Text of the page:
Watch out, one-man households


The share of single-person households in Korea is rising rapidly. As of 2010, they replaced four-person households as the largest household group. In 2012, 25 percent Korean households were people living alone and if the current pace continues, single-person households will constitute one-third of the nation’s homes by 2035, according to Statistics Korea. Along with their swelling number, single-person households are expanding their influence and share in the economy. In 2012, they accounted for 9 percent of total household spending, rising from 6 percent in 2006.

As a growing consumer group, the economic effects of single-person households need to be assessed. Specifically, three characteristics of single-person households emerge in terms of demographics, income and consumption.

In 2010, men in their 40s and 50s accounted for 16 percent of the single population, an increase of 5 percentage points from 2000. The main cause is marital. Between 2000 and 2010, the share of unmarried middle-aged men who form single-person households increased 3 percentage points and accounted for three-fourths of the total number of male single-person households. During the same period, the share of households of divorced middle-aged men increased almost 2 percentage points.

In terms of income, single-person households are struggling to recover from the global financial crisis, which has pushed them farther behind two-person-plus households in real disposable income. From 2007 to 2012, the yearly average growth rate for single-person households’ real disposable income was a miniscule 0.3 percent, far short of two-person-plus households’ 1 percent (equivalent income). And the monthly average real disposable income of single-person households was just 65 percent of that of larger households in 2012.

The income gap is caused by disparities at both ends of the single-person household population - those in their 20s and 30s, and people more than 70 years old (together, they form two-thirds of the single-person household population). Fragile economic growth since the global financial crisis has severely retarded the current and future incomes of young adults, who derive 90 percent of their income from salaries. As for the elderly, they are almost totally dependent on income transfers. Their income level is low with little growth. Only those in their 40s and 50s, a growing but still relatively small portion of the single household population, saw income increases that exceeded two-person-plus households.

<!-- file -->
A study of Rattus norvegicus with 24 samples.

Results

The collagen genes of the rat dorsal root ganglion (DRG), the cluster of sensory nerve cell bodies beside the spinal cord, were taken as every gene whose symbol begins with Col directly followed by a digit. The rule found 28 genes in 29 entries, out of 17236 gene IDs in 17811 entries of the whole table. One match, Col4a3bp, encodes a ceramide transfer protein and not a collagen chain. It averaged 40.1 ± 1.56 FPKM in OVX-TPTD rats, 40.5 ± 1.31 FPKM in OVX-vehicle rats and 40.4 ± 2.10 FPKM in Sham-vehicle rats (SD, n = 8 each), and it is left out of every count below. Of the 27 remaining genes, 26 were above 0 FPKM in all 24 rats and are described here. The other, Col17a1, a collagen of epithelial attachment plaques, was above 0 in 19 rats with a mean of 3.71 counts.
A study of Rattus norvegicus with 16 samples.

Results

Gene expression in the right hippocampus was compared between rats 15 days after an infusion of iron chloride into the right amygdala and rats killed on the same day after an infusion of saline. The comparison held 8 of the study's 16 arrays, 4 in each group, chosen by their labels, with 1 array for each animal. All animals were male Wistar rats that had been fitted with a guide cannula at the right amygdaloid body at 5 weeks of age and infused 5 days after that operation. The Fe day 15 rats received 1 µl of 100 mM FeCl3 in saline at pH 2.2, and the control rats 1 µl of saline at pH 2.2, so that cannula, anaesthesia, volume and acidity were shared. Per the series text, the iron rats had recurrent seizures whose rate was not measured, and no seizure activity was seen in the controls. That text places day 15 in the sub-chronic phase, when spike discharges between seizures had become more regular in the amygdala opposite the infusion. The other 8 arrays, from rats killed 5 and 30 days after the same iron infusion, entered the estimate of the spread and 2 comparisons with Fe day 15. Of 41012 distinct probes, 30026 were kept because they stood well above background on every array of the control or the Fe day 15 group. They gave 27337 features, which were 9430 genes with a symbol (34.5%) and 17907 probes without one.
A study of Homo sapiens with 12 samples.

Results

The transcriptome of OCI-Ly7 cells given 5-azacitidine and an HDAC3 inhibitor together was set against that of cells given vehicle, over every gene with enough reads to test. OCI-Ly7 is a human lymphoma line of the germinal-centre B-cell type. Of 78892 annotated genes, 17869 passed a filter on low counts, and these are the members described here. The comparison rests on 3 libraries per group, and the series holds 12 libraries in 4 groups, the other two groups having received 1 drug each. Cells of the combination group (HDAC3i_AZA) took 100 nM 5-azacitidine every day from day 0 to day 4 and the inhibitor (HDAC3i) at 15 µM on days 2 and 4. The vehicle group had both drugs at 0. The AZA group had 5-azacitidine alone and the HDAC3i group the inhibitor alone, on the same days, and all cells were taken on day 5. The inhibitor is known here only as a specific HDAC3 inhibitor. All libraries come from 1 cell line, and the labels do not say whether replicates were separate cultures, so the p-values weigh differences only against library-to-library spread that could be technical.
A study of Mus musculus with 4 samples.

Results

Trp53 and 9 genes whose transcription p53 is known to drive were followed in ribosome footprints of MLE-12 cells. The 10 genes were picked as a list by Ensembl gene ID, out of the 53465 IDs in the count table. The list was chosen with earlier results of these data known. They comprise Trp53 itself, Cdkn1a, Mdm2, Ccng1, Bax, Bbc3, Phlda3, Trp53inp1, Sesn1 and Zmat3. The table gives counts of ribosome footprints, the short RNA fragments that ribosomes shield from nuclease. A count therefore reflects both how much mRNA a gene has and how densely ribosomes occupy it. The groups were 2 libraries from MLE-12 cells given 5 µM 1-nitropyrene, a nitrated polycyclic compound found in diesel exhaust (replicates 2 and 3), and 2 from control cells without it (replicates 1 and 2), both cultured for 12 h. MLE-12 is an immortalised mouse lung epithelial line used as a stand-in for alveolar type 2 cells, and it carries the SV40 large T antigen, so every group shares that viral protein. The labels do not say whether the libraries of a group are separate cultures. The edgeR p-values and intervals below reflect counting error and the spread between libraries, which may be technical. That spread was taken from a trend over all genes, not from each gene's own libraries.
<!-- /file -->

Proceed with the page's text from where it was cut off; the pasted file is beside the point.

Finally, in spending, the average propensity to consume (APC) is on an upward trend among single-person households, in contrast to two-person-plus households, who are reining in their spending. This is a reflection of the generally low income level of single-person households and their disproportional share spent on essentials such as food and housing. Their income growth is unable to outpace spending on necessities, which fuels the rise in APC.

Single-person households comprised of senior citizens aged 60-plus have had the highest and fastest-rising levels of APC. In 2011, the APC of single-person households of those in their 70s and above and those in their 60s marked 101 percent and 100 percent, respectively, recording the highest of all age groups.

Furthermore, the youngest and oldest age groups recorded the largest increases in spending per household during the 2006-11 period, 13.8 percentage points for the former and 11 percentage points for the latter. Those under the age of 39 have not shown a willingness to curb their appetite despite their low income. Their discretionary spending on communications, entertainment, culture and other non-essentials are on a steady upward trajectory. On the other hand, single-person households of those in their 40s whose income level is relatively high recorded a stable APC level of 70 percent.

As such, those households with a ballooning APC number deserve our attention, with a customized approach for each age group. For example, to satisfy the needs of the relatively well-off middle-aged single-person households, more luxury products and services to prepare for old age must be developed. On the other hand, affordable, convenient and practical products that will fulfill the needs of single-person households, both young and old, are also in urgent need.

*The author is research fellow at Samsung Economic Research Institute.